Free movement for EU citizens will end on day one of a no-deal Brexit under new Home Office plans, a new report has claimed. Home Secretary Priti Patel is determined for border restrictions to be imposed immediately on October 31, even without a replacement system, says The Independent. Ministers had wanted to delay stopping free movement until new rules are in place, with a stalled bill and heated arguments in the Commons.
The move has been called ‘brutal’ by the Liberal Democrats, who have slammed Ms Patel as being ‘completely detached from reality’. Ed Davey, the Lib Dem home affairs spokesman, said: ‘It is completely detached from reality and is next chapter in the never-ending saga of the utter mess they are making of Brexit. ‘What would this mean for EU citizens who have made their home in the UK who have travelled abroad when they try to return?
‘Are the government seriously suggesting an NHS nurse who is an EU national may not be allowed to return to the country if they happen to have been on holiday? It is absurd.’ The government refused to bring forward the stalled Bill which would bring free movement to an end under a slower schedule, fearing a mass dispute within the House of Commons.
However, the report claims that Ms Patel thinks she can make it happen by acting through secondary legislation, something that would bypass MPs who oppose it. Home Office officials have reportedly been sent to Singapore to copy its solution to technical issues, with the newly-appointed home secretary believing that it can be brought in quickly. But Sir Ed denied that Ms Patel could bypass passing an act of parliament, saying an attempt of any sort was ‘outrageous’. Nicolas Hatton, head of the3million group of EU citizens in this country, also said: ‘There are no systems in place, and nothing is ready.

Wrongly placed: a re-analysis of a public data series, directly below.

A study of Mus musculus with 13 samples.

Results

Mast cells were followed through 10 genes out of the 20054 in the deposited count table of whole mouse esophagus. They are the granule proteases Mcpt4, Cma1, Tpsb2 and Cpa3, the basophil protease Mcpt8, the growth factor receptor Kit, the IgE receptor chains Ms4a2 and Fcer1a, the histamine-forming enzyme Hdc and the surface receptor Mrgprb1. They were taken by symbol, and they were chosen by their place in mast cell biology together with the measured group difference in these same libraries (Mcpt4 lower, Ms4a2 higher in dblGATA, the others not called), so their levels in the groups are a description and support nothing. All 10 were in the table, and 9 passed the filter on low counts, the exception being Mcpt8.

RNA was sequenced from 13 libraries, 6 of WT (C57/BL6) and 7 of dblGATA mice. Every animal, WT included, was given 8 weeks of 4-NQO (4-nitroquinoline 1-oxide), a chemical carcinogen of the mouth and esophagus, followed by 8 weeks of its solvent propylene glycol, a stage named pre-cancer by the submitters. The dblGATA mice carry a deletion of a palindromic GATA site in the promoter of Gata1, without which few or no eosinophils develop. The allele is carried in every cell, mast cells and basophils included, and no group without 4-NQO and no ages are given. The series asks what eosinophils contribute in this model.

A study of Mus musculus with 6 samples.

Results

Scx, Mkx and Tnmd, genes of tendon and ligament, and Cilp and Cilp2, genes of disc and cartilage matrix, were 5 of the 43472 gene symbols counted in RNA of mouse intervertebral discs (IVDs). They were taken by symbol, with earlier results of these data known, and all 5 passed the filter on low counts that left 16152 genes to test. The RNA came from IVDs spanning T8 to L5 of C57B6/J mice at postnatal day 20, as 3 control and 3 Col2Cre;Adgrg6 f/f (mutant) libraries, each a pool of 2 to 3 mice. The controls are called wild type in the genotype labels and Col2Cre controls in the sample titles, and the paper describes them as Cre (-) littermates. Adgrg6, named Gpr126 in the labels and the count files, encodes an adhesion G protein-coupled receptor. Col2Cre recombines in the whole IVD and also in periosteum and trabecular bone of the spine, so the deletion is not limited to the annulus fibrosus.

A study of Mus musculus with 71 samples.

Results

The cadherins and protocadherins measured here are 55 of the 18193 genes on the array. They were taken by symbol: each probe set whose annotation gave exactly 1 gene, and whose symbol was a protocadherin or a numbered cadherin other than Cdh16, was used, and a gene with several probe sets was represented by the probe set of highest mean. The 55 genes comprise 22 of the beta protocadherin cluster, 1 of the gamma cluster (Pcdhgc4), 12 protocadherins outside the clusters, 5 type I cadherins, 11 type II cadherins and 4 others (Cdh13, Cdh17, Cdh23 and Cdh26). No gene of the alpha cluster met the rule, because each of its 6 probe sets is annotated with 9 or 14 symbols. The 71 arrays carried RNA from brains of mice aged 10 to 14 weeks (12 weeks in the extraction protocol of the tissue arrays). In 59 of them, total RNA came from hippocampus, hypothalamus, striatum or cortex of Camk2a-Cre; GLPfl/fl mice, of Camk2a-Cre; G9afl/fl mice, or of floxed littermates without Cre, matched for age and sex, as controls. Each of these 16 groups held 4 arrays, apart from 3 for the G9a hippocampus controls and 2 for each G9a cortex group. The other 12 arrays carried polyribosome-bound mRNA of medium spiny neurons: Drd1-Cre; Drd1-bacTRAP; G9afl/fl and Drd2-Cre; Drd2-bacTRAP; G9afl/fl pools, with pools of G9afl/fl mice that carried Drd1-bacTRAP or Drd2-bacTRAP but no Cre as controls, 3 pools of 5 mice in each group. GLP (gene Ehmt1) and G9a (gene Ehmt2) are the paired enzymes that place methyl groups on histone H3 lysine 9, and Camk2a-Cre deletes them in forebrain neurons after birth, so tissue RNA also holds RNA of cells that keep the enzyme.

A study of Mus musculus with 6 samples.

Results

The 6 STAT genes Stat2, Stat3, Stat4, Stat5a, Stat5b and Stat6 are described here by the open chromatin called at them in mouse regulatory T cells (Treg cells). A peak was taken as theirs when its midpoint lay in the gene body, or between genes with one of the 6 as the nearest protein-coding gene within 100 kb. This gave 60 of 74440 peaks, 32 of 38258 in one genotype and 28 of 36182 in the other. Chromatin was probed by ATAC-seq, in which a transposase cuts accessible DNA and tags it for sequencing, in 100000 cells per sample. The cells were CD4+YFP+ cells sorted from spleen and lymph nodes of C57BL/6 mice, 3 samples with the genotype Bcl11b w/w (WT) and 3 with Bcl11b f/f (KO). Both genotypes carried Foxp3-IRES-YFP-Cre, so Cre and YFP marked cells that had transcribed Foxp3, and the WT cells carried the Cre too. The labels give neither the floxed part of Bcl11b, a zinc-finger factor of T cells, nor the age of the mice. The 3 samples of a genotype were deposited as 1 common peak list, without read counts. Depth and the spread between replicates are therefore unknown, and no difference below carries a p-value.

‘This is a political gesture, but it will have a real impact on people’s lives. This will open the door to discrimination. ‘How will they distinguish between the ‘legacy people’, those already here, and those who will arrive afterwards?’ The government won’t reinstate the existing immigration bill due to worries that it will be hijacked by MPs who want to block a no-deal Brexit.